In the briefing, Mr. Iwata commented on the limitations of the current system of being device based.
We only had device-based relationships with consumers in the past. As we were connected with a single consumer differently on different devices, we had some natural problems.Mr. Iwata is spot on in this comment. He recognized that backwards compatibility was important and Nintendo has included that feature in the most recent hardware launches. However, because digital purchases were being tied to the device and not the consumer, they were losing their connection to the consumer when the next device was launched.
While we have tried to achieve, among other things, software-driven connectivity between handheld devices and consoles, handheld devices and consoles were in principle separated completely in terms of our ability to connect with our consumers. In addition, we tried to encourage consumers to upgrade from an existing handheld device to a new handheld device, or from an existing console to a new console, by providing backward compatibility that enabled them to take their software assets from their existing system. However, we became disconnected with our consumers with the launch of each new device as we could only form device-based relationships.
The answer is simple enough, just move to an account based system. Iwata sees that as a good move and stated that in his briefing.
On Wii U, we launched Nintendo Network IDs, which are abbreviated as NNIDs. This is the first step of our efforts to transform customer relationship management from device-based to account-based, namely, consumer-based, through which we aim to establish long-term relationships with individual consumers, unaffected by the lifespans of our systems. Our future platform will connect with our consumers based on accounts, not devices.Mr. Iwata also provided some clarity to earlier statements regarding Nintendo looking into using smart devices. Most people jumped on this as a sign that Mario, Link, and other fan favorites would make their way onto a phone or tablet. Iwata repeatedly denied that happening. Instead, Nintendo sees these devices as a way to connect with consumers that do not have a Nintendo system.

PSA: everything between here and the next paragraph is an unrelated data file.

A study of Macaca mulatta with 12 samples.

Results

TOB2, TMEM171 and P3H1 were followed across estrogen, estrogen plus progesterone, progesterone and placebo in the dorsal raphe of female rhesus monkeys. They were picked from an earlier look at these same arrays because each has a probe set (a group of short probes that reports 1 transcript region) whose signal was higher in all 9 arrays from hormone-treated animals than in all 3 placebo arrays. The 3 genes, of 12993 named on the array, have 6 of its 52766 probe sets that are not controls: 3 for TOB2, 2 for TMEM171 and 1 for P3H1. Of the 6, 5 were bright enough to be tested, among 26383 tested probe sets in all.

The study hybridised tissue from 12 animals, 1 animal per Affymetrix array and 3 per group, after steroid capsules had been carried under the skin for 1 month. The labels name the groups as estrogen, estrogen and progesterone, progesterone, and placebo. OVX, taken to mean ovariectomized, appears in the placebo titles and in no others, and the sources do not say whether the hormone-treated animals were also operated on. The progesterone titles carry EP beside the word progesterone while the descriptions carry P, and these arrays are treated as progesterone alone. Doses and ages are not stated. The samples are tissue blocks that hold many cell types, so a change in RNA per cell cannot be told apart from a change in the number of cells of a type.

We will manage our relationships with our consumers through NNIDs in a uniform manner, and connecting with our consumers through NNIDs will precisely be our new definition of a Nintendo platform. In other words, our platform will not be bound to physical hardware and, instead, will be virtualized.
Taking advantage of smart devices means connecting with all consumers, including those who do not own Nintendo’s video game systems, through smart devices and communicating the value of our entertainment offerings, thus encouraging more people to participate in Nintendo platforms.So it would seem that a Nintendo App could be made available to create and access a Nintendo Network ID. The real question that I have is, why would someone without a Nintendo system want to? If you didn't have a console or handheld device, would alerts to Nintendo Directs or other news really interest you? If you weren't able to play a game, would posting about it in Miiverse be something you would spend your time on? I'm not sure how this concept would play out, but for now we know that Nintendo is looking at smart devices as more for communication than entertainment.
Another interesting point that was mentioned was a flexible pricing structure that such an account based system would allow for. Right now, John may have purchased a Wii U Deluxe system that came with Nintendoland. Across the street Jim purchased the same system and over the year has purchased 11 more Wii U games. Now May 2014 rolls around and Mario Kart 8 is released. Both John and Jim will pay the exact amount for that game. Iwata saw the account based system as a way to reward customers that have been purchasing games.
Until now it has been taken for granted that software is offered to users at the same price regardless of how many titles they purchase in a year, be it one, five or even ten titles. Based on our account system, if we can offer flexible price points to consumers who meet certain conditions, we can create a situation where these consumers can enjoy our software at cheaper price points when they purchase more. Here, we do not need to limit the condition to the number of software titles they purchase. Inviting friends to start playing a particular software title is also an example of a possible condition. If we can achieve such a sales mechanism, we can expect to increase the number of players per title, and the players will play our games with more friends.I thought this was a good example of a Nintendo idea. Something out of the box that showcases their trademark quality of being loyal to loyal consumers. No specifics were offered regarding how much of a discount would be seen or how many titles would need to be purchased in order to receive a discount. However, through use of Club Nintendo and a new account-based system, whether you decided to purchase the title from a retail store or from the eShop, the purchase can be recorded and credited.
Over all, I think these are some good ideas and are a move in the right direction. But nothing is going to work unless there are quality games offered. Having an account based system and a loyalty program in place will only do so much if a platform only offers one or two must have titles a year.
What do you think of Nintendo moving to an account based system and rewarding players that support its systems? Let us know in the comment section below.